The cornea and lens of your eye helps you focus. A refractive error occurs when the eye cannot clearly focus. The result of refractive errors is blurred vision, which is sometimes so severe that it causes visual impairment.
Refractive errors are vision problems that happen when the shape of the eye keeps you from focusing well. The cause could be the length of the eyeball (longer or shorter), changes in the shape of the cornea, or aging of the lens.
Common refractive errors are:
- myopia (nearsightedness): difficulty in seeing distant objects clearly;
- hyperopia (farsightedness): difficulty in seeing close objects clearly;
- astigmatism: distorted vision resulting from an irregularly curved cornea, the clear covering of the eyeball;
- Presbyopia: inability to focus on close objects as a result of aging
The most common symptom is blurred vision. Other symptoms may include double vision, haziness, glare or halos around bright lights, squinting, headaches, or eye strain.
Refractive errors cannot be prevented, but they can be diagnosed by an eye examination and treated with corrective glasses, contact lenses or refractive surgery.
If you have a refractive error, such as nearsightedness (myopia), farsightedness (hyperopia), astigmatism or presbyopia, refractive surgery is a method for correcting or improving your vision. This surgical procedure is used to adjust your eye’s focusing ability by reshaping the cornea. Other procedures involve implanting a lens inside your eye. The most widely performed type of refractive surgery is LASIK (laser-assisted in situ keratomileusis), where a laser is used to reshape the cornea.
For people who are nearsighted, certain refractive surgery techniques will reduce the curvature of a cornea that is too steep so that the eye’s focusing power is lessened. Images that are focused in front of the retina, due to a longer eye or steep corneal curve, are pushed closer to or directly onto the retina following surgery.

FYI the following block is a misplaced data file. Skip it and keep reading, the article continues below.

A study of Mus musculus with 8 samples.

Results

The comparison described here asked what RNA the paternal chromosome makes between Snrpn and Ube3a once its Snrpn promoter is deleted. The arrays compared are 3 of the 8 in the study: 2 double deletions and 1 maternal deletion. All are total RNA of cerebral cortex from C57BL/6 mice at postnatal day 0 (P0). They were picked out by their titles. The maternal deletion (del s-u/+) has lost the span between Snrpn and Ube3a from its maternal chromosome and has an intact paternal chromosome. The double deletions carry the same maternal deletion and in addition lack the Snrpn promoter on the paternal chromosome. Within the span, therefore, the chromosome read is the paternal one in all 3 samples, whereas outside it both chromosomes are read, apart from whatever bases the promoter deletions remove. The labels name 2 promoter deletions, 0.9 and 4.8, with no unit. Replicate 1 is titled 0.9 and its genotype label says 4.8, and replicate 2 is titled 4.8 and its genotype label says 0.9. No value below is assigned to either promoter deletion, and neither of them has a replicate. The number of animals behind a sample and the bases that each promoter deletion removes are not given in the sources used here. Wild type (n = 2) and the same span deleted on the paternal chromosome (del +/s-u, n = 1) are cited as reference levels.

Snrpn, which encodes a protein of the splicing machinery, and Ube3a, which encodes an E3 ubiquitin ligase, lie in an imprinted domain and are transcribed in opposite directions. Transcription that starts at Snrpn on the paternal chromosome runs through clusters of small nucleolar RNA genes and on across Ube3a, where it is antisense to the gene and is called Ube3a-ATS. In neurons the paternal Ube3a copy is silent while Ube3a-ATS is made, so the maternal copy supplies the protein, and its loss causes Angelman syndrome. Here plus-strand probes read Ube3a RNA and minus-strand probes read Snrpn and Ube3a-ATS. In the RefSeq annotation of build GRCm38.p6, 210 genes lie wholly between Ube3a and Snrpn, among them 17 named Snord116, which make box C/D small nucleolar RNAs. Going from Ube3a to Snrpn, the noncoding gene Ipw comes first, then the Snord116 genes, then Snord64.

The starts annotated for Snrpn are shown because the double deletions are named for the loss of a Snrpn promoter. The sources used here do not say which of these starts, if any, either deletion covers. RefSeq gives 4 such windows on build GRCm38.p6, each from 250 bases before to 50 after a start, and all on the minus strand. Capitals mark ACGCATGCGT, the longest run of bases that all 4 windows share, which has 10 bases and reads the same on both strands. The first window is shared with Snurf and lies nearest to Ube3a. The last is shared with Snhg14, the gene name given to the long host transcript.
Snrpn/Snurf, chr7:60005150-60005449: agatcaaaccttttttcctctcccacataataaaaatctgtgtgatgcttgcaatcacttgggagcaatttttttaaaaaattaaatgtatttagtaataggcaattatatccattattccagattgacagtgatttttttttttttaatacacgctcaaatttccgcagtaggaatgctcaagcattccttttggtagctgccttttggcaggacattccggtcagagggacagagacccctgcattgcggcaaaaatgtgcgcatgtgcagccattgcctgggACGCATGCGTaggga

Farsighted people will have refractive surgery procedures that achieve a steeper cornea to increase the eye’s focusing power. Images that are focused beyond the retina, due to a short eye or flat cornea, will be pulled closer to or directly onto the retina after surgery.
LASIK (laser-assisted in situ keratomileusis) is an outpatient refractive surgery procedure used to treat nearsightedness, farsightedness and astigmatism. A laser is used to reshape the cornea to improve the way the eye focuses light rays onto the retina at the back of the eye.
With LASIK, an ophthalmologist (Eye M.D.) creates a thin flap in the cornea using either a blade or a laser. The surgeon folds back the flap and precisely removes a very specific amount of corneal tissue under the flap using an excimer laser. The flap is then laid back into its original position where it heals in place.
For people who are nearsighted, LASIK is used to flatten a cornea that is too steep. Farsighted people will have LASIK to achieve a steeper cornea. LASIK can also correct astigmatism by shaping an irregular cornea into a more normal shape.
It is important that anyone considering LASIK have realistic expectations. LASIK allows people to perform most of their everyday tasks without corrective lenses. More than 90 percent of people who have LASIK achieve somewhere between 20/20 and 20/40 vision without glasses or contact lenses.
You should be comfortable with the possibility that you may need a second or that you might need to wear glasses for certain activities, such as reading or driving at night. Also, you should be aware that LASIK cannot correct presbyopia, the age-related loss of close-up focusing power.